If you’re in the market for Rapunzel-length hair, then you’re surely familiar with biotin—there are biotin-infused shampoos, biotin scalp treatments, and the ever-popular biotin supplements...quite honestly, they're hard to avoid. And they're intriguing as hell, all promising substantial hair growth that's thick and healthy.
Given its ubiquity, seems like a ripe time for a definition: Biotin (also known as vitamin B7 or vitamin H) belongs to the group of B vitamins. It’s found in foods like egg yolks, salmon, and leafy greens, and it’s also produced in our bodies from intestinal bacteria. Our bodies don’t actually require much biotin to get by, but since it plays a role in cell growth, it’s billed as a way to lengthen hair and strengthen nails.
There's a catch, though—the research on the stuff is patchy at best. A few super small-scale studies have shown biotin’s positive effects on strengthening nails, but there’s basically nothing to suggest that it promotes hair growth in healthy people. It’s water-soluble, so any excess in the body is turned into waste. The exception is in people who have a biotin deficiency—a disorder marked by brittle hair and nails, among other unpleasant symptoms, wherein biotin supplements are actually really effective.
Some derms still recommend biotin, since it’s not harmful to take. It’s not really designed for people without biotin deficiency, so “there is no consensus on the dosage of biotin for hair and nail health,” says Dr. Jessica Weiser, a board-certified dermatologist for the New York Dermatology Group. “But the most commonly suggested dose is 2,500 mcg or 2.5 mg daily.”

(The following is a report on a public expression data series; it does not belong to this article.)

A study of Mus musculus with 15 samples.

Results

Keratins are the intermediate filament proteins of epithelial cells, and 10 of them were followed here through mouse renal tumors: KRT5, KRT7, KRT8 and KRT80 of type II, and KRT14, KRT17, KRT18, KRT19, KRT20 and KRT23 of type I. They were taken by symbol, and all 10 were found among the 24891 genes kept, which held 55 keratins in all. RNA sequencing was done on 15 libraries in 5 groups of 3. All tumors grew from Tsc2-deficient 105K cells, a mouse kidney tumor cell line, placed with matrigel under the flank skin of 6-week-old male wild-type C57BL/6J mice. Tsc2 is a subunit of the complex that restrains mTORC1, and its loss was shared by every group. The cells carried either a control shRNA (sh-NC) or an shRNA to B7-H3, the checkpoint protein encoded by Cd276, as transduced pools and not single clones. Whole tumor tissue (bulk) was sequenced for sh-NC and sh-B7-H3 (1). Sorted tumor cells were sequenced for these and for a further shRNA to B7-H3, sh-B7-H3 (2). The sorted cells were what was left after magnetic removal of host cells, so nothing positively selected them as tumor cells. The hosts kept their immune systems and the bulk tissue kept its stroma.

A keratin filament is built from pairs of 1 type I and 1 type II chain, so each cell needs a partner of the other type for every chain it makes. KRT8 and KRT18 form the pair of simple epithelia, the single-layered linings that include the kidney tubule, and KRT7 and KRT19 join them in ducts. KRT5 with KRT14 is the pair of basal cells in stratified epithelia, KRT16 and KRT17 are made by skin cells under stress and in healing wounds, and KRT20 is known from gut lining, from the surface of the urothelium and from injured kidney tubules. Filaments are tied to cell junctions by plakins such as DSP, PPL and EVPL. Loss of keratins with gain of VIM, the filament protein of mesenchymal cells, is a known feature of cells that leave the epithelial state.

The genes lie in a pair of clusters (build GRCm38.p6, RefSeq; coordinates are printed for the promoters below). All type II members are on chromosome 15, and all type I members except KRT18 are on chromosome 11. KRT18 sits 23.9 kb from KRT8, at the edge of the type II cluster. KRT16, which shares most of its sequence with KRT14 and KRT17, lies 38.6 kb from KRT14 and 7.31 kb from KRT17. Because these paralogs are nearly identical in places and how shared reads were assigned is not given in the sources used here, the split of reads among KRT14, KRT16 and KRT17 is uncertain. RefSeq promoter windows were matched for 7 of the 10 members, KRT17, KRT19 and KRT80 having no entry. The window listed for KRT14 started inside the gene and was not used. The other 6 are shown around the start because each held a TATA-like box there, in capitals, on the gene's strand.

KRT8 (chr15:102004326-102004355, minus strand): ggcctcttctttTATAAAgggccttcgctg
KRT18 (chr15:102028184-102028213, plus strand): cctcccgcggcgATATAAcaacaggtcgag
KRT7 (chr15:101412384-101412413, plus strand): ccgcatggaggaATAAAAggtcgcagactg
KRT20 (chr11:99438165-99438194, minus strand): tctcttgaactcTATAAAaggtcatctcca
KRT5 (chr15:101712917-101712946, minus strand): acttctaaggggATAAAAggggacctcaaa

While the effects on hair growth are unclear, there’s another reported side effect from taking biotin: It makes some people break out. Dr. Weiser says that could happen because of an imbalance of vitamins in your body.
'Both biotin and pantothenic acid–vitamin B5—are absorbed from the intestines via the same receptors,” she explained. “When taking biotin supplements, the amount of biotin in the gut far outweighs the quantity of vitamin B5, thereby leading to a relative vitamin B5 deficiency. Pantothenic acid is thought to regulate the barrier function of the surface layer on skin and can reduce acne lesions. Therefore, a deficiency of pantothenic acid—or excess of biotin—could lead to acne flares.”
In simpler terms, you could be giving yourself a deficiency of B5 by taking an excess of biotin—and that’s what’s making your skin freak out.
Dr. Jessica J. Krant, a board-certified dermatologist at the Laser & Skin Surgery Center of New York, has heard of this happening, too. “Many reports indicate that excess ingested biotin can lead to rashes and acne breakouts,” she said. “There are no real scientific, blinded, placebo-controlled research trials to prove this, but if you start taking biotin and get worsening of your acne, the biotin may indeed be the culprit.”
Her solution? Stop taking the damn thing. “I personally have stopped directly suggesting that patients with nail or hair problems take biotin,” said Dr. Krant. “If someone asks about it, I explain that I am not against it, but that it only helps a few people in rare, specific cases.”
On the other hand, if you’re seeing improvements in your hair or nail health from biotin (hey, just because there are no scientific studies to back it up doesn’t mean it’s impossible), you don’t have to give up just yet. Dr. Weiser suggests taking vitamin B5 along with biotin, to reinstate a balance. Or you could just wait for your hair to grow—totally up to you.
Photographed by Tom Newton. Read about the pill for hormonal acne readers can't stop talking about.